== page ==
A long time ago, in a land far, far away, Santa Claus was just starting his Christmas ministry. He was looking for animals that could fly, and pull his sleigh. Such animals are rare, indeed, because they have magical powers. Some animals, like birds, of course, fly under natural power, but unless you go back to primordial times, you won't find birds big enough to pull a sleigh loaded with toys.
So, Santa's list of potential applicants was very short. As everyone knows, there are elephants who can fly, like Dumbo, for instance. Unfortunately, they generally don't grow to full size, but remain very small, except, of course, for their ears. No, even a team of flying elephants could not pull Santa's sleigh.
Flying pigs are very rare, too. There's even a saying about that. Most of them come from Cincinnati, where, every year, they have a flying pig marathon. Flying pigs, the ones from Cincinnati, that is, have shown that they can go the distance. Unfortunately, they had a little problem with teamwork, and Santa quickly tired of trying to form them as such. Maybe someday, when the flying pigs from Cincinnati learn how to work together, rather than competing against each other, Santa can form them into a team to pull his sleigh.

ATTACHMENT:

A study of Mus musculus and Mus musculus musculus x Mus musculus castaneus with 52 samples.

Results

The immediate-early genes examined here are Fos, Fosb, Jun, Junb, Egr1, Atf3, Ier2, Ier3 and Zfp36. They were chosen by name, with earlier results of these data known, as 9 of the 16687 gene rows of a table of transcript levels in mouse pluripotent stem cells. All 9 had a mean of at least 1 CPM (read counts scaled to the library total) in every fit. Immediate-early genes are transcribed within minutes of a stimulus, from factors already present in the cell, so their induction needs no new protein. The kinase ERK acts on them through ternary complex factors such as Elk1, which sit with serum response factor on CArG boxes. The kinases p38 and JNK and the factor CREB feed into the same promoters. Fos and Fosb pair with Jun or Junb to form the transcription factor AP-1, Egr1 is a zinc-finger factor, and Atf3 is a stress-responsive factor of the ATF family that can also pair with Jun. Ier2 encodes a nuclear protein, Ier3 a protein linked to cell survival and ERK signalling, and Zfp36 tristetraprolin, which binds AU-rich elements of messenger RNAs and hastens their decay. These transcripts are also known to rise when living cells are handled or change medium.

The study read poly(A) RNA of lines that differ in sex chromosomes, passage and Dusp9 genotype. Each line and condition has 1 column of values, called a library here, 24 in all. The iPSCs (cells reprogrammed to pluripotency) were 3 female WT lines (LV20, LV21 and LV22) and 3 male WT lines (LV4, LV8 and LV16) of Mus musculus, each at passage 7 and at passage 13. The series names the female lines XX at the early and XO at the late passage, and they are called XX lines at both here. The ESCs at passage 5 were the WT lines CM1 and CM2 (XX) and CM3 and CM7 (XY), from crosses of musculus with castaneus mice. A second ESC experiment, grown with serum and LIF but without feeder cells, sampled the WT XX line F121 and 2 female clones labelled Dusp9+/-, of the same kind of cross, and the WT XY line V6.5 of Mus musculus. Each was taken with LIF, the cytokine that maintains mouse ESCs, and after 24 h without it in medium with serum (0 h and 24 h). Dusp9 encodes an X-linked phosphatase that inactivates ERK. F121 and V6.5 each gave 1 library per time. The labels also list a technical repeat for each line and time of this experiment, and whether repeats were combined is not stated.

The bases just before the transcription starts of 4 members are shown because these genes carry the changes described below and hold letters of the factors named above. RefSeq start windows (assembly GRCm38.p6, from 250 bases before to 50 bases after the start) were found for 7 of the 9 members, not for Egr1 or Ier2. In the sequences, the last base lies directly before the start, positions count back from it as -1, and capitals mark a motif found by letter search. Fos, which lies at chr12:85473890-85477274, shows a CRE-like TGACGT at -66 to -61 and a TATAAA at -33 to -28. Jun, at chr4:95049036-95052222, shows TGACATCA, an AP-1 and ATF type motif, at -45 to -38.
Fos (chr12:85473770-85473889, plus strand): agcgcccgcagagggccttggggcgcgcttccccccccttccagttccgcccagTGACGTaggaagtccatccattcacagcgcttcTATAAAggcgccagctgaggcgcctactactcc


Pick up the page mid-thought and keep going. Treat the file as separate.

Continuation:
Then there were the flying tigers, from whom the WWII fighter squadrons got their name, but these animals were a bit feisty, and they specialized in mortal combat. Santa couldn't persuade them to put their teeth and claws away, so that they wouldn't frighten the kiddies.
Contrary to rumor, there has only been one flying horse known in history, who went by the name of Pegasus. The history of Pegasus makes this very plain. Pegasus tried mating with mere terrestrial horses, but the act of mating got him so excited his wings would begin to flap and,... well, I'm sure you can figure out the rest.
As it happens, there have been two flying dogs known in history, one named Krypto and the other named Underdog. Either one could, theoretically, have pulled Santa's sleigh without assistance from anyone or anything else, but, alas, they were both busy with other pursuits. Besides, Santa had a lot of trouble communicating with Krypto (because he barked in code, don't you know) and he just wasn't sure how it would sound in song and story if it came to be known that his sleigh was pulled by an Underdog.
Well, to make a long story short, Santa tried several other flying animal teams, but after much research, he finally settled on a team of eight tiny reindeer. In spite of their diminutive size, they were powerful flyers and they worked very well as a team.
In fact, there was only one time when Santa had a problem with one of them, and that's because he was shy and standoffish, and very sensitive about his shiny nose that glowed in the dark. Fortunately for Rudolph (that was his name, you see) Santa knew just what was needed to persuade Rudolph to serve on his team. He temporarily furloughed his team of magic fireflies (the ones that powered his headlights) and gave the job of lighting his way to Rudolph.
[Hat tip to Dan Hampton for his plot idea. See "Guide the Sleigh: A Christmas Fable for Hamptons Kids".]